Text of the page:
Prescriptions in the Pantry
It’s not like Bill Gates and Tony Fauci started it. Big Pharma hit the ground running around 150 years ago. Oh, certainly, healers have used medicines for thousands of years but the medicines were largely unadulterated natural substances. Prehistoric Plains Indians used coneflower and cottonwood poultices for healing. The other Indians, the ones on the subcontinent of India, have been using natural botanicals for thousands of years and the ancient Chinese even documented the use in the Yellow Emperor’s scriptures dating to 300 B.C.
The bastardization of natural elements reached a new level in the 1800s when companies like Merck, Bayer and Sandoz began wholesaling their laboratory concoctions. At first, commercial drugs were derivatives and reductions of natural plants but no longer. Pharmaceutical drugs are more likely to be synthetic now and along with genetic modification are unnatural.
Conventional medicine has left nature far behind but that doesn’t mean you have to. Natural healing is as close as your kitchen if you want it to be. Common foods, seasonings, spices and herbs with healing potential can be found in your kitchen cabinet. Of course, that assumes you actually do any kind of cooking at all. Take a look at what you might find in such a person’s kitchen.
Honey. Natural, locally-sourced honey from a trusted supplier is a mainstay. I get mine from a Columbus, Nebr. third-generation beekeeper. It’s raw, meaning it’s not been heated above 100°. Heat destroys enzymes in the honey. It’s relatively unfiltered meaning that a certain amount of the bee pollen remains. (I remember the joy of finding a tiny bee wing in my honey once. Now, that’s certification.)
Honey is a powerful antibiotic. You’ll not find a spoiled jar of pure honey. I use it on cuts and minor wounds. I tested it against a prescription antibiotic once on a pretty nasty dog bite and it was far superior; promoted healing three times faster. Internally, honey seems to balance the immune system, too. It’s been long touted as a preventative for spring allergies. Remember, the secret is local, trusted sourcing. Need to find local honey? Do not trust what you see on the label in the local stores. There is no regulation of that term and one supplier admitted to me that their “local” honey comes from as far as North Dakota and California. Not my “local.” Best idea is to visit a farmers market. Meet and get to know a real beekeeper.
Apple Cider Vinegar. Some folks consider apple cider vinegar the panacea in the pantry. I hesitate to use that term but it does seem to have great healing potential. Folks have been using vinegar for centuries as an antimicrobial. The cloudy part in the bottle of organic apple cider vinegar is called the “mother.” It’s full of enzymes, proteins and other healthful properties. There are some studies that indicate apple cider vinegar helps modulate insulin and blood sugar levels for people with Type 2 diabetes. Other research suggests it lowers heart disease risk factors. Best thing going for it in my mind is that it’s natural. Check it out.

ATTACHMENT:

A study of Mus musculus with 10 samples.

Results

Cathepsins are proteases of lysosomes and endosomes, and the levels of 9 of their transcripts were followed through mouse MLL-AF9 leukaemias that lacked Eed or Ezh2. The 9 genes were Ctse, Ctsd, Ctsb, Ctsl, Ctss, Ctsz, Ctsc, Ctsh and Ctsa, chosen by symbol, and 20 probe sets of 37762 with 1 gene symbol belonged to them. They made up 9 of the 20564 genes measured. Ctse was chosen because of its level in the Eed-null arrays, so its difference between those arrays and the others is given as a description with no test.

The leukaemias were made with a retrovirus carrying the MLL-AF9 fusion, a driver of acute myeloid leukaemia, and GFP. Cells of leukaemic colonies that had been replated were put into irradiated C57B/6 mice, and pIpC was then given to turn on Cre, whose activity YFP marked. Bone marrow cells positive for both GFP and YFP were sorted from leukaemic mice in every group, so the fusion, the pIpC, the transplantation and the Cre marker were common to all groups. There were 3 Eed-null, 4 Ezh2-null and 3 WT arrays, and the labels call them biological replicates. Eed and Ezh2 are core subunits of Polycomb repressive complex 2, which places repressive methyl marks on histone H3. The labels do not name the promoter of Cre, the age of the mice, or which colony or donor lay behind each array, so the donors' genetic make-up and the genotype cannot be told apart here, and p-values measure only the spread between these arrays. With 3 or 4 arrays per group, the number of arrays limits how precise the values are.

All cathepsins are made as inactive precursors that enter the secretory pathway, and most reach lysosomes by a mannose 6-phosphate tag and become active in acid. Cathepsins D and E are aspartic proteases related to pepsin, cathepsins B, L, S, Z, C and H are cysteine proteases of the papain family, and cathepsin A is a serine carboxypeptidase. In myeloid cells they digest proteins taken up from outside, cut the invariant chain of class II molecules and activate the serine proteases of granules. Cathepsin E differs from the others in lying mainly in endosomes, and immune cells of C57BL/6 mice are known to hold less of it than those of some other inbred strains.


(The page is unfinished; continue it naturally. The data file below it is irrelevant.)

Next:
Spices. Pungent, sweet, savory, strong — a plethora of potent antioxidants accompany the spices. There is a reason entire nations and cultures thrived by importing spices. Their value spans the spectrum of life experience, from the kitchen to the constitution. Here are just three.
Cayenne is a particular pepper that has been studied extensively. I believe most botanicals should be used holistically but contemporary reductionist science insists on tearing things apart, thinking humans can improve on nature. Thus, a potent ingredient of cayenne pepper, capsaicin, has been identified as a specific agent. Capsaicin is used in a number of different conventional medicines. It’s been found to be a pain reliever, cancer cell inhibitor, effective in lowering blood pressure, aiding digestion and much more. And you can get a good dose of capsaicin from the cayenne in your kitchen.
Cinnamon is a taste treat in everything from baked sweets to the secret dash in pasta sauce. And it is a healing spice, used for centuries by Chinese medicine. It has anti-viral, antibacterial and anti-fungal properties. It makes a fine addition to tea or alone in hot water. It can regulate blood sugar for Type 2 diabetics, modulate blood pressure and address digestive issues. It is filled with tasty antioxidants.
Oregano qualifies as a super-herb, in my opinion. Delectable fragrance and flavor but for our medicinal purposes, it’s a monster. Antiviral and antibacterial, it’s been shown to kill nasty staph bacteria. Plus, oregano has a broad spectrum of vitamins, including hard-to-get vitamin K. Folk medicine cites oregano for lung and respiratory problems, headaches, body pains and infections. It is used to treat skin conditions and boost the immune system. Oil of oregano is a common antibacterial and considered extremely potent.
There are dozens of other kitchen culinary cures that have a place in the pantry. There are two very important considerations. As with most botanicals, fresh is best. Fortunately, many of the herbs are easy to grow. And secondly, Generation WhateverYouAre needs to reclaim the kitchen, learn to cook and delete GrubHub, UberEats or whatever from your phone list. The choice is yours.
Heartland Healing is a metaphysically based polemic describing alternatives to conventional methods of healing the body, mind and planet. It is provided as information and entertainment, certainly not medical advice. Important to remember and pass on to others: for a weekly dose of Heartland Healing, visit HeartlandHealing.com.